Service launched after studies suggest Covid can have long-term health impacts.
Two respiratory health charities have partnered up to launch a support hub for people affected by breathing difficulties after contracting Covid-19.
Asthma UK and the British Lung Foundation are providing the online service after early studies suggested that people who were hospitalised with severe Covid-19 can go on to develop chronic respiratory symptoms.
The hub brings together the latest research and advice for patients, medical professionals and researchers to ensure those affected by the virus can access the best possible care.
It is also hoped that the hub will act as a collaborative space to enable ground-breaking research into the long-term impacts of Covid-19 on respiratory health. Both charities believe that this will be vital to ensure people who have had the virus are given comprehensive home care to support their recovery.
Alongside the hub, a helpline service has been launched on 0300 222 5942 where advice can be obtained about respiratory health.
Kay Boycott, chief executive of Asthma UK and the British Lung Foundation, said: “There are worrying signs that Covid may impact lung health longer term. We support thousands of people with breathing difficulties and understand the toll it takes on daily life.
“At a time when the NHS is under immense pressure, we want to ensure anyone who’s respiratory health is affected post-Covid can get the support they need. We also want to ensure that research and clinical services develop so we can effectively treat any new chronic breathlessness emerging from this crisis.”
The hub, which can be accessed at Post-Covid.org.uk, has already gained the support of academics, professional bodies and respiratory experts.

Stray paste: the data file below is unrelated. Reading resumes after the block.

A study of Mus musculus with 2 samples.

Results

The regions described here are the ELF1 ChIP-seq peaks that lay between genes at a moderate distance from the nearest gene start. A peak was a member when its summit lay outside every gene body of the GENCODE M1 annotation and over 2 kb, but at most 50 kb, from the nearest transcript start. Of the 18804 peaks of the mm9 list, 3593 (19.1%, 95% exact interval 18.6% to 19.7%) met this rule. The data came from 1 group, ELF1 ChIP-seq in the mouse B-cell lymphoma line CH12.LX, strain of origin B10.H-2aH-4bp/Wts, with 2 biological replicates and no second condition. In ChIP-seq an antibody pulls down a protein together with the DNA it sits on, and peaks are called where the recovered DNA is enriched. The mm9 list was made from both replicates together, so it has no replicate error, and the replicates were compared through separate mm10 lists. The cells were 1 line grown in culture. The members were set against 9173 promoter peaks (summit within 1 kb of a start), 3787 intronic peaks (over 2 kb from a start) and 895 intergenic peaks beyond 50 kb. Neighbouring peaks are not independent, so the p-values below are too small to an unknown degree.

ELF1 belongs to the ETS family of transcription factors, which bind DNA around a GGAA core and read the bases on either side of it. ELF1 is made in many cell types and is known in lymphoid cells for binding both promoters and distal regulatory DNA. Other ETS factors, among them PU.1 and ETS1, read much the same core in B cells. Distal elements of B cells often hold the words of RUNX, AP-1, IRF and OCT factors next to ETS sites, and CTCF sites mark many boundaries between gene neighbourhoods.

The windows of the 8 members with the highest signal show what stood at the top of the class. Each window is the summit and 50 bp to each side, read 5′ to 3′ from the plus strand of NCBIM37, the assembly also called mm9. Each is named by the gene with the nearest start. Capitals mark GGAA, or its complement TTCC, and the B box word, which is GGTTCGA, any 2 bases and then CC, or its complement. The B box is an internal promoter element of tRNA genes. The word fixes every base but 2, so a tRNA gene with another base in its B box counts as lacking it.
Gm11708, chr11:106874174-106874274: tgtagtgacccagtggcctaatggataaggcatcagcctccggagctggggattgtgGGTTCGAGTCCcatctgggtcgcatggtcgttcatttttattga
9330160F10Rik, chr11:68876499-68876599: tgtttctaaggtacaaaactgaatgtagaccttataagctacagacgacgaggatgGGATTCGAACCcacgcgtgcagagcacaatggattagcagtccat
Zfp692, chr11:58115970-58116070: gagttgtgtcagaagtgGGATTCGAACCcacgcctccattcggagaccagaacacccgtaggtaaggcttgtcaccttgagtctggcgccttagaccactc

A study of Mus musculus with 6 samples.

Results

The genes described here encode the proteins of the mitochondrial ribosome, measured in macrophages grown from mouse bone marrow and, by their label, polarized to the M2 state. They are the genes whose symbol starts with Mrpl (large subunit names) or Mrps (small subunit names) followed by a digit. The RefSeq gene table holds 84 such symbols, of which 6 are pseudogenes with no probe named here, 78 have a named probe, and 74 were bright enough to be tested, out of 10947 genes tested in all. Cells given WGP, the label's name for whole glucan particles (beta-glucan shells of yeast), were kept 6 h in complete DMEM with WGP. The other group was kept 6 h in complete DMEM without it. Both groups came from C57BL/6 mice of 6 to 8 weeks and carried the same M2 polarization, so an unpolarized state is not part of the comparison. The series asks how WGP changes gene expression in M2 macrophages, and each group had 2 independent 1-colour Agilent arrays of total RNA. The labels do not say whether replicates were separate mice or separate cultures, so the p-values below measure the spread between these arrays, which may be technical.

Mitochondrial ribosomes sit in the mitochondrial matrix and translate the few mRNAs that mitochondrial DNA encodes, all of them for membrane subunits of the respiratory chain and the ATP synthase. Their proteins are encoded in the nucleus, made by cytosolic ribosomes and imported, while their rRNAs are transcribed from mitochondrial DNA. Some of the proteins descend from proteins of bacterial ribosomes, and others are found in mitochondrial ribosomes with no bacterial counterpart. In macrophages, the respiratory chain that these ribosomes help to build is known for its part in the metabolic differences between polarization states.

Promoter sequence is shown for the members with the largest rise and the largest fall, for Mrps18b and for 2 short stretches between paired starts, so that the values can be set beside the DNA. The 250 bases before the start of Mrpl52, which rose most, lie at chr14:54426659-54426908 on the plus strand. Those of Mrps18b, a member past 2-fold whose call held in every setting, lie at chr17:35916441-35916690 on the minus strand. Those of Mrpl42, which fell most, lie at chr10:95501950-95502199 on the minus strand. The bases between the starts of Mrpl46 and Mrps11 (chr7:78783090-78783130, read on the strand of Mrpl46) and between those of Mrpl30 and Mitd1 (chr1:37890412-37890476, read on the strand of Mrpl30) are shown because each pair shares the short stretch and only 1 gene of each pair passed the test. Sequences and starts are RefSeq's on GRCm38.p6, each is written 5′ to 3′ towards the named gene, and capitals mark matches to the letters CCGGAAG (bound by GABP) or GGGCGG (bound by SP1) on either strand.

Professor Jon Bennett, chair of the board of trustees at the British Thoracic Society, said: “We support the launch of the Post-Covid hub, which will be critical in assessing what care people need post-Covid. Many people are suffering an acute severe lung injury with some ending up in intensive care, and we know that this can have an impact on people long term.
“We urgently need post-Covid care research and guidelines, to ensure we know what the best treatments are ongoing and that people can access appropriate support and maximise their recovery.”
Carol Stonham MBE, chair of the Primary Care Respiratory Society and senior NHS nurse practitioner (respiratory), added: “These are times of rapid change with many people recovering from sudden episodes of severe illness requiring critical care, then returning to community or primary care for ongoing management.
“Some will sustain ongoing lung damage, others psychological trauma. The sharing of resources allows clinicians to care for people safely and effectively wherever care needs to be delivered.”